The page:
Published: 18 December 2019

Jo Willis (left), Helena Graham (middle) and Claire Higginson (right), at the Guildhall exhibition

Three women whose relatives were involved in the Battle of the River Plate had a chance meeting at a recent exhibition.

The women - pictured above - were visiting an exhibition at Exeter Guildhall to mark the 80th Anniversary of HMS Exeter's involvement in the Battle of the River Plate in the South Atlantic during the Second World War.

Whilst watching a film as part of the exhibition they got talking. They soon realised that their relatives had been involved in the Battle.

Claire Higginson is the great granddaughter of Charles Cloke, the leading stoker of HMS Exeter. He spent a long period as a Japanese prisoner of war.

Helena Graham (nee Harwood), is the great granddaughter of Commodore Harwood. Her brother, Benjamin Maximilian Henry Harwood Harwood was in recent times awarded Freeman of the City.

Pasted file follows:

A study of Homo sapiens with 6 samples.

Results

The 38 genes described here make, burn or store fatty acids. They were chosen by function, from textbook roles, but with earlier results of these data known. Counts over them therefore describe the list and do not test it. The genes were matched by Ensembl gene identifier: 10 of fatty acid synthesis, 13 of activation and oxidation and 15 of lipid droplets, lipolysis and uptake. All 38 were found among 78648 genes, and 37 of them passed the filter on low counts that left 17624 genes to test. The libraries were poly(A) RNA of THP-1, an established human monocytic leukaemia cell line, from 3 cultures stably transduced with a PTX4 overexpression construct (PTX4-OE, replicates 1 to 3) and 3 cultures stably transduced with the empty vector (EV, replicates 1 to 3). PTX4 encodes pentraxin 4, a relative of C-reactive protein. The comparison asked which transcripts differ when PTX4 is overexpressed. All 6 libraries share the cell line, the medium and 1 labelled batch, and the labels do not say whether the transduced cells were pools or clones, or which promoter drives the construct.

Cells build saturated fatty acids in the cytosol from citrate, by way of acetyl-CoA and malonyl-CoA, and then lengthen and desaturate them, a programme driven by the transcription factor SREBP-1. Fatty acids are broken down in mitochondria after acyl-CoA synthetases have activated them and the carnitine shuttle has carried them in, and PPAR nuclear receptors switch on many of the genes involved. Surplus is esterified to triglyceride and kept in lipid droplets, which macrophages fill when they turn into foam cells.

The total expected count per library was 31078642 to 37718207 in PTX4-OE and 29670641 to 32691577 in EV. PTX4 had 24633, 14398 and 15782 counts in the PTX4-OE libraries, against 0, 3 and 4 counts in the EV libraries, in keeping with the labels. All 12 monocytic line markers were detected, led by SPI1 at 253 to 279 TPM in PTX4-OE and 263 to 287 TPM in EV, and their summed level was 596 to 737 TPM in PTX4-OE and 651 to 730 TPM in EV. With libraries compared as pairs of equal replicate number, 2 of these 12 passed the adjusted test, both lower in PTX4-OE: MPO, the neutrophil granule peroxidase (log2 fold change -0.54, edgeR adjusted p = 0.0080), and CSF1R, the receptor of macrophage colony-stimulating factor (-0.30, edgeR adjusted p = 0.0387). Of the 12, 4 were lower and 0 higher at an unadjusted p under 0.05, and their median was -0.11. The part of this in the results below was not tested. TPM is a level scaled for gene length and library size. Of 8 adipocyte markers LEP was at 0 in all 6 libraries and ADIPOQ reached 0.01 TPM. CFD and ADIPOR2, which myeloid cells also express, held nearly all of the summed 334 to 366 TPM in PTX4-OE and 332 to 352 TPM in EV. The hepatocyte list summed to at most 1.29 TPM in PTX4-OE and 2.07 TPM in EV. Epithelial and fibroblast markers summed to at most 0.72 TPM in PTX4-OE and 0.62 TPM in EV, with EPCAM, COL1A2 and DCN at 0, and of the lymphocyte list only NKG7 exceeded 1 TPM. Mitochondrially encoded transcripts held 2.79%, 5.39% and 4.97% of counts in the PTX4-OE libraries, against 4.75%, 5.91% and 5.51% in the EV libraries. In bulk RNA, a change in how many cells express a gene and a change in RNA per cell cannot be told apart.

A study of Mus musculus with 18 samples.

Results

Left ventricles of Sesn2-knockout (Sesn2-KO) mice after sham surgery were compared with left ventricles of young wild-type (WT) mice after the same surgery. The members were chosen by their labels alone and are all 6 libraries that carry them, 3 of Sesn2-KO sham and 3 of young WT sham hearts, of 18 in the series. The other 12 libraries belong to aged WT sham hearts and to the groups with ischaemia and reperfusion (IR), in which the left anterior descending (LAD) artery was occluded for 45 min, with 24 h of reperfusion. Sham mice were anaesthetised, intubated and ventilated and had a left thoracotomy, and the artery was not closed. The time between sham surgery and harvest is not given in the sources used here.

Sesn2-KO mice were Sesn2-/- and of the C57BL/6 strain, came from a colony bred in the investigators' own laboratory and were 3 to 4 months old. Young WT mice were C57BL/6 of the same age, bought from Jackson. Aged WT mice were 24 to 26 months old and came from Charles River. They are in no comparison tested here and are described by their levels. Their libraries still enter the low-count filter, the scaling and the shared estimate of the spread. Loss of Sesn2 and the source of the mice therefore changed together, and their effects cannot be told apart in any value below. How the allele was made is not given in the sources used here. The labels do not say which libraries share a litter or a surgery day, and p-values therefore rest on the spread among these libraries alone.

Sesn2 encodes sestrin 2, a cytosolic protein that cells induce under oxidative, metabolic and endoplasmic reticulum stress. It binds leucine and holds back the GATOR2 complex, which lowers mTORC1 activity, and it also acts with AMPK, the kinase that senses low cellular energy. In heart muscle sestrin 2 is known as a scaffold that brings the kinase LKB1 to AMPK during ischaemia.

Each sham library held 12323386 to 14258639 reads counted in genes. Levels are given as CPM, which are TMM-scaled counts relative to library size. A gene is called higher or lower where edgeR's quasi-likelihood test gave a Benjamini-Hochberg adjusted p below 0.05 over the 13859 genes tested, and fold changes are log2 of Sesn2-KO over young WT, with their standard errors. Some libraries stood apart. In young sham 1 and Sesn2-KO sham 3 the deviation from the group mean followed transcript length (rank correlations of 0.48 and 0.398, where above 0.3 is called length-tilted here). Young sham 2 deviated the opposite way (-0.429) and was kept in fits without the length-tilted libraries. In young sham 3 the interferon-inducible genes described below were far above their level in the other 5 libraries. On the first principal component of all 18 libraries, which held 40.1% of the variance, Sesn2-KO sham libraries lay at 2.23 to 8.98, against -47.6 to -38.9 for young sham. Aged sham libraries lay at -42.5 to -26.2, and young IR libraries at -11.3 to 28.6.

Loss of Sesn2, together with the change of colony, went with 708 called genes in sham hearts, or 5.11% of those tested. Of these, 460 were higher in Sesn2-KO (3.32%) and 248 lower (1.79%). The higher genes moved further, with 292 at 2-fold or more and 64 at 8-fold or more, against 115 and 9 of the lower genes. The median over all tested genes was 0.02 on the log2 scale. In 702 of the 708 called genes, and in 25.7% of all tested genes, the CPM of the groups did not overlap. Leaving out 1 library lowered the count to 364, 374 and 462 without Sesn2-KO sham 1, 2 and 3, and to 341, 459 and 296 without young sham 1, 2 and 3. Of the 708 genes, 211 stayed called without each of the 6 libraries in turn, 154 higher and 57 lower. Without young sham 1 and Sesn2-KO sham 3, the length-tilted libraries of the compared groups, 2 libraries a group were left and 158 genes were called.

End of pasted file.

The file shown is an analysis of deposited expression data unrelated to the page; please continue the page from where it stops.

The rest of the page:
Jill Willis, is the great granddaughter of Petty Officer Stocker Leslie Knight, who was wounded in battle and died four years later.

The Battle of the River Plate took place in the South Atlantic on 13 December 1939 and was the first major naval battle of the Second World War.

Ships from the Royal Navy’s South American Division took on the might of the German heavy cruiser Admiral Graf Spee, which was successfully attacking merchant shipping. The Graf Spee had cruised into the South Atlantic a fortnight before the war began. One of the hunting groups sent by the British Admiralty to search for the vessel, comprised three Royal Navy cruisers, HMS Exeter and HMS Ajax as well as HMS Achilles from New Zealand.

A battle ensued off the estuary of the River Plate close to the coast of Uruguay in South America. HMS Exeter was severely damaged and forced to retire; HMS Ajax and HMS Achilles suffered moderate damage. But the battle had been won - the damage to Admiral Graf Spee, although not extensive, was critical and the fuel system was crippled.

It made it to shore in Uruguay, where the Germans released 61 captive British merchant seamen who had been on board. When it attempted to leave it was prevented from leaving the harbour, and was eventually scuttled on the River Plate estuary on December 17.